Sonic Youth, HMV Forum, London


Near the close of the show, a stool and an acoustic guitar were produced. Stool? Acoustic? This is Sonic Youth, right? I think the seating arrangement was ironic, while the acoustic guitar was used by Thurston Moore for a slow-burning rhythm on "Massage the History", with Kim Gordon and Lee Ranaldo knocking out squalls on electric guitars. New York's noisemakers haven't gone soft.

The gesture was one of several recent un-Sonic Youth-like moments: last year they put out a compilation through Starbucks; Kim Gordon designed a fashion range with Urban Outfitters; they had to cancel gigs because Lee Ranaldo hurt his wrist playing tennis and two weeks ago they appeared on Gossip Girl as a wedding band; some might cry sacrilege.

On the flipside, their contract with a major label, Geffen, has ended and they released their 16th album The Eternal on the independent Matador.

But 28 years after forming the band in the midst of the no wave, post-punk New York, Sonic Youth can still lay claim to being the coolest band around. Such nonchalance is displayed when, midway through the set, Thurston Moore says his amp sounds "foggy": a roadie spends a few moments attempting to fix it until Moore shrugs, and the band rip into another song. Throughout, the guitars power through crisply, while the band are energetic and tight. They also engaged with the issues of the day, after Nick Griffin's appearance on Question Time. "Thanks for standing up to the BNF goons," Moore said. (Whether the "f" was an honest mistake or a conflation of the BNP with the National Front is unclear). Cue "Youth Against Fascism"? Too obvious. Instead they opted for "Anti-Orgasm", with Gordon and Moore trading lyrical barbs.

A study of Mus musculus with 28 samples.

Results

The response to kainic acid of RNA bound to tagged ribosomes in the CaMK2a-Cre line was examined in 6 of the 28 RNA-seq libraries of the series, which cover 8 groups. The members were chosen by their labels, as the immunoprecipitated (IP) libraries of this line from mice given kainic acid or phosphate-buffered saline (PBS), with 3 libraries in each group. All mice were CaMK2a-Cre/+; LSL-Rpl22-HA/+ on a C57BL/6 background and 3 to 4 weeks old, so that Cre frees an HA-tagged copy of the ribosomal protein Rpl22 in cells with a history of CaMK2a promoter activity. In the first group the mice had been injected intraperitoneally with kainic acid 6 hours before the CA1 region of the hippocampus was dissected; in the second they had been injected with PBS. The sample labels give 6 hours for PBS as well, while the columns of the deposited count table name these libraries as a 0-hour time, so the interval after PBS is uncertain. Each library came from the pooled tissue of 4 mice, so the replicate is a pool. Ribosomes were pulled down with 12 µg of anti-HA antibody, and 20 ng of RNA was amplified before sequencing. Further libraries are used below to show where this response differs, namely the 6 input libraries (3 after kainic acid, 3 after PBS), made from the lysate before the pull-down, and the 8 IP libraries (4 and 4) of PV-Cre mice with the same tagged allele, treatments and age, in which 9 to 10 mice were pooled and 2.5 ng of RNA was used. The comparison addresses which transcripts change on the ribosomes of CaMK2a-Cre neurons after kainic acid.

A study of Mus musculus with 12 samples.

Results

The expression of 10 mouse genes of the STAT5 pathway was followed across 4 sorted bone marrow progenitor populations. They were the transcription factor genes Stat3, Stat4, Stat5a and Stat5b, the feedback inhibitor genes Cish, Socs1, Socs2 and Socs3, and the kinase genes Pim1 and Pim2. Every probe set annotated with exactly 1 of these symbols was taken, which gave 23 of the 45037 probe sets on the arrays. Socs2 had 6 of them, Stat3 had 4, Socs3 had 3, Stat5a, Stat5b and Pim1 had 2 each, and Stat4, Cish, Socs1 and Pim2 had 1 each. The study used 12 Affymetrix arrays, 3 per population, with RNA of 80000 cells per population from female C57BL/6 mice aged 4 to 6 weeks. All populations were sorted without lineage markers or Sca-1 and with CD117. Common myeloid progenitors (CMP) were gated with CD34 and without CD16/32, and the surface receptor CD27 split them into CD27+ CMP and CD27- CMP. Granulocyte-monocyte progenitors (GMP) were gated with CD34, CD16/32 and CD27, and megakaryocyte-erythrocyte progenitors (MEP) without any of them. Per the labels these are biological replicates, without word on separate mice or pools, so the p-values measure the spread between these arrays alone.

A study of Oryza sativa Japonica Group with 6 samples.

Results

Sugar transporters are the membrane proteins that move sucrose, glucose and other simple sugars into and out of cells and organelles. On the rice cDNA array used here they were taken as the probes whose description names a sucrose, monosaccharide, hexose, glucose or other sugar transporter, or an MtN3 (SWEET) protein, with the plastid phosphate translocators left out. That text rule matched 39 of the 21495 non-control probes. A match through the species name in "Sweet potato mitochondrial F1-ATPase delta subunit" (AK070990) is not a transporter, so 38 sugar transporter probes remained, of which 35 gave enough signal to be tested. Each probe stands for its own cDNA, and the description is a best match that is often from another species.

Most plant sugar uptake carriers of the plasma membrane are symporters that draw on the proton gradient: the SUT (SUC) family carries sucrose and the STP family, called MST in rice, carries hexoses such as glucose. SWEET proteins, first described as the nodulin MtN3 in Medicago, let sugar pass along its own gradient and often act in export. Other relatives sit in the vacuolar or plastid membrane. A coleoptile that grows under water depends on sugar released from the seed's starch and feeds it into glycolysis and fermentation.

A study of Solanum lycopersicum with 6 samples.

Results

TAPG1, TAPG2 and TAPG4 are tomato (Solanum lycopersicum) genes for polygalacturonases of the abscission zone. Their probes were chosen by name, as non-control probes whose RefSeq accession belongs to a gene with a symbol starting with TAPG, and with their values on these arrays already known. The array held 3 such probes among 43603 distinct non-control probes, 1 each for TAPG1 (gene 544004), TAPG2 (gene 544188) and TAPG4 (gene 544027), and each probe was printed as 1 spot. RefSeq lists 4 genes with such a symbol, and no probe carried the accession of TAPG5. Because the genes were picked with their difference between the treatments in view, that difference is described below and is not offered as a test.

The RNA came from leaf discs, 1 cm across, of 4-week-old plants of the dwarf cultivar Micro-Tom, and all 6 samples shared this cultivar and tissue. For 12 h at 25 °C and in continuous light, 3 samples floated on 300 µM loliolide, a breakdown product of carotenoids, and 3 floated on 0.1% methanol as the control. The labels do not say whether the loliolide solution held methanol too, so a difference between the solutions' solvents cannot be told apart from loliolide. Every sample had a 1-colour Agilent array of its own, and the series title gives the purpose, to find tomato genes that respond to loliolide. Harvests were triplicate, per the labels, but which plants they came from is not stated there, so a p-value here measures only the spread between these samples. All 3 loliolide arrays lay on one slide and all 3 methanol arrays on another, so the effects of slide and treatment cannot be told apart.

"Anti-Orgasm" was among a slew of tracks from their most recent album – only "Thunderclap for Bobby Pyn" didn't make the cut. An epic "Antenna", "Massage the History" and a roaring "What We Know" stood out. They do offer some trips into the archive with two songs from 1988's Daydream Nation and "Tom Violence" from 1986's EVOL; still as fresh as new paint.

There is something dependable about them; they're always exactly like themselves without lapsing into self-parody. They conclude the show with "What We Know" and "Death Valley '69", the former from 2009, the latter from 1984, both clear renditions of their singular noise. Eternally Sonic Youth.